Carl Jung: Blake’s picture is very interesting.
To Piloo Nanavutty
Dear Misss Nanavutty, 11 November 1948
I’m sorry to be so late in answering your kind letter of October 19th. As you know I’m old and no more able to take care of my correspondence as I should.
There is no objection against your reading my volumes on Zarathustra.
They have nothing to do with Zarathustra the prophet, of course.
And they should be read with criticism, since they are merely notes taken by members of my audience which I never corrected.
They certainly contain quite a number of mistakes.
I should also prefer it if you would refrain from quoting the notes in your writings.
Thank you very much for your interesting offprint.
Blake’s picture is very interesting.
The caricature of the four zoa of Ezechiel in this form, which you supposed to be due to the peccatum originale, represents exactly what the Kabbala calls the four achurayim which form the outermost shells
of the world together with the septem reges lapsi-the fallen seven kings that mean aeons preceding the actual one.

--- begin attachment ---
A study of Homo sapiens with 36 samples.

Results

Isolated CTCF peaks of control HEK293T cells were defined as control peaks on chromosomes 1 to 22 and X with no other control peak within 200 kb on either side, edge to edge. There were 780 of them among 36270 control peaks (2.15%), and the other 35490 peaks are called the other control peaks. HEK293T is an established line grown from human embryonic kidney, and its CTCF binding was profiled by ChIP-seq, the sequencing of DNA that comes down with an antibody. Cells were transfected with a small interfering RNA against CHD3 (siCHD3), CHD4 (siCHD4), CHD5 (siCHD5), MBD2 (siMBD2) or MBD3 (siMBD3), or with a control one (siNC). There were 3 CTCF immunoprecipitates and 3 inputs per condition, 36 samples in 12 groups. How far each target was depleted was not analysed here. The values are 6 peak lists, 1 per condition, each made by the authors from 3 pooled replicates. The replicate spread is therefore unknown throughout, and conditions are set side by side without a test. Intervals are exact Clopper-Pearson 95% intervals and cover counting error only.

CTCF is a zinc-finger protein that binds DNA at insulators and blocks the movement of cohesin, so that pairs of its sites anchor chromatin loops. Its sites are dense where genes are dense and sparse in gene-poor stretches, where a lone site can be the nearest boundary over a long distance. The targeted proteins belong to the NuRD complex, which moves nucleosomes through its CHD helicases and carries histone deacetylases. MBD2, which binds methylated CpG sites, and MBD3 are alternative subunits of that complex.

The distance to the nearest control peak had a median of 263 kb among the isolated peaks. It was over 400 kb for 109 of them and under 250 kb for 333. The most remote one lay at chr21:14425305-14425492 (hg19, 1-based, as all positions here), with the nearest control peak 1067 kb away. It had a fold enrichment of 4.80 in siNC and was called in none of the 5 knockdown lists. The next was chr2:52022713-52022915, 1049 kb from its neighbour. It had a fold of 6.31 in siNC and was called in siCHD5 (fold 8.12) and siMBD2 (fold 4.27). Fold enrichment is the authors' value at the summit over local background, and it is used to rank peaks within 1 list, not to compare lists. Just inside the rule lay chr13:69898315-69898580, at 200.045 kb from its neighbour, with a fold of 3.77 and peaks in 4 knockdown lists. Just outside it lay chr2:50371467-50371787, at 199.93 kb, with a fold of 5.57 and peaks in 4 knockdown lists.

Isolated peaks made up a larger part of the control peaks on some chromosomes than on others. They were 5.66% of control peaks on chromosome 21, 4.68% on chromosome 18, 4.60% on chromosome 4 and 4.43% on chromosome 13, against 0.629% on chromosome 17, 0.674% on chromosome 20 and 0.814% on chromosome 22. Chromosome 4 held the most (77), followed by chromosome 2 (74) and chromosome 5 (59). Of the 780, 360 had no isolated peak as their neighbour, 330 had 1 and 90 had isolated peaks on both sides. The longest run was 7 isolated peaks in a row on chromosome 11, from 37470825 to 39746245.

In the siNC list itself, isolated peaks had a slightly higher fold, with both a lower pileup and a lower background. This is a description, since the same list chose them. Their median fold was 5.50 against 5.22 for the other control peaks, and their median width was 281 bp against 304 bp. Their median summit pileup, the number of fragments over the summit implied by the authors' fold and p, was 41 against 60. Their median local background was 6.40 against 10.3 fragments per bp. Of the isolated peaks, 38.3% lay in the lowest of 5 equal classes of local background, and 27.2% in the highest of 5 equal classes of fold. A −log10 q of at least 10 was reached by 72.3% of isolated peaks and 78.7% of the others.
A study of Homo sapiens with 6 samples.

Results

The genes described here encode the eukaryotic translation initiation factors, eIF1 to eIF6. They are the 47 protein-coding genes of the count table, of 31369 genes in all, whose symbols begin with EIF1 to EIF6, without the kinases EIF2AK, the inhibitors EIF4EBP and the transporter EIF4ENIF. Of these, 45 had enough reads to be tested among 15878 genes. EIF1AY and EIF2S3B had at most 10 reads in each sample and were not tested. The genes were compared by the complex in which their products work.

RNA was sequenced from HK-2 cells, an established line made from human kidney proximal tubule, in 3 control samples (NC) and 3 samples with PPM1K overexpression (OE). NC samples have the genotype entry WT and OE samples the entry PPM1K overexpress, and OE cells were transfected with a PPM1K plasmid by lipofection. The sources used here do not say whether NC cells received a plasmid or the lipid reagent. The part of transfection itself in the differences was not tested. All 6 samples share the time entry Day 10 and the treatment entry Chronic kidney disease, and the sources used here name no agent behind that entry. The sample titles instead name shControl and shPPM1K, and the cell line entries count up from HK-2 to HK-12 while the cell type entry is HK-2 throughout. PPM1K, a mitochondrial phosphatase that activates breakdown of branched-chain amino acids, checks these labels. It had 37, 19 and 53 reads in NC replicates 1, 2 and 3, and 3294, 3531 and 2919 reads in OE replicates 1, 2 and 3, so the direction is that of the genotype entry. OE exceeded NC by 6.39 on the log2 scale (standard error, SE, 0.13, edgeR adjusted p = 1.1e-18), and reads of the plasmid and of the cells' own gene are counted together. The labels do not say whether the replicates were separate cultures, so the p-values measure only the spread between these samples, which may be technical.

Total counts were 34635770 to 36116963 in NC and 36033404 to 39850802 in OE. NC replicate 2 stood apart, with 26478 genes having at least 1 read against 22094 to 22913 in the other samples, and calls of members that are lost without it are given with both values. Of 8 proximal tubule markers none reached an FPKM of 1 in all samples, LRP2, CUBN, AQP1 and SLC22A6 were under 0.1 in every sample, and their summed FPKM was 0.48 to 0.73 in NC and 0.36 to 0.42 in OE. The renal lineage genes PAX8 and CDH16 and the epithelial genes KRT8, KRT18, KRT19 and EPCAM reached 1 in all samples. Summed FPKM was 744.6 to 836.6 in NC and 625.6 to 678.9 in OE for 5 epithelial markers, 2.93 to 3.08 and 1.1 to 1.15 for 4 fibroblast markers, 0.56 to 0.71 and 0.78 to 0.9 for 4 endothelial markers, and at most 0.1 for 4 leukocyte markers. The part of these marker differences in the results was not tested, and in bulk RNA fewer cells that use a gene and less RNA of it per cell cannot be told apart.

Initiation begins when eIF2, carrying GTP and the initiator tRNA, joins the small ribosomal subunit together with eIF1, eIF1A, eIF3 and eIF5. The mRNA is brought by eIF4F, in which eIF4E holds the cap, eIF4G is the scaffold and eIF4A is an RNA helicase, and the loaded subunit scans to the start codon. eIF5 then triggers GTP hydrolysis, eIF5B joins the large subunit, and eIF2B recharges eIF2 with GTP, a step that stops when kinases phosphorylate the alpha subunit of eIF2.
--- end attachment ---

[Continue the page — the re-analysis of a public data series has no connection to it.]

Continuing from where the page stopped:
They have the general meaning of impure spirits.
The Kabbala was accessible to non-Hebrew students through Knorr von Rosenroth’s Kabbala Denudata of 1684, where you find the necessary data in the index latinus under ”cortices.”
I find Blake a tantalizing study, since he has compiled a lot of half- or undigested knowledge in his fantasies.
According to my idea, they are an artistic production rather than an authentic representation of unconscious processes.
He lived at a time when such incredible concoctions were fashionable.
I felt that I should know a great deal of that contemporary most unsavory literature if I made a serious attempt to get at the proper interpretation of his pictures.
I have had a letter from your sister and am just going to write to her.
C.G. Jung ~Carl Jung, Letters Vol. 1, Pages 512-514.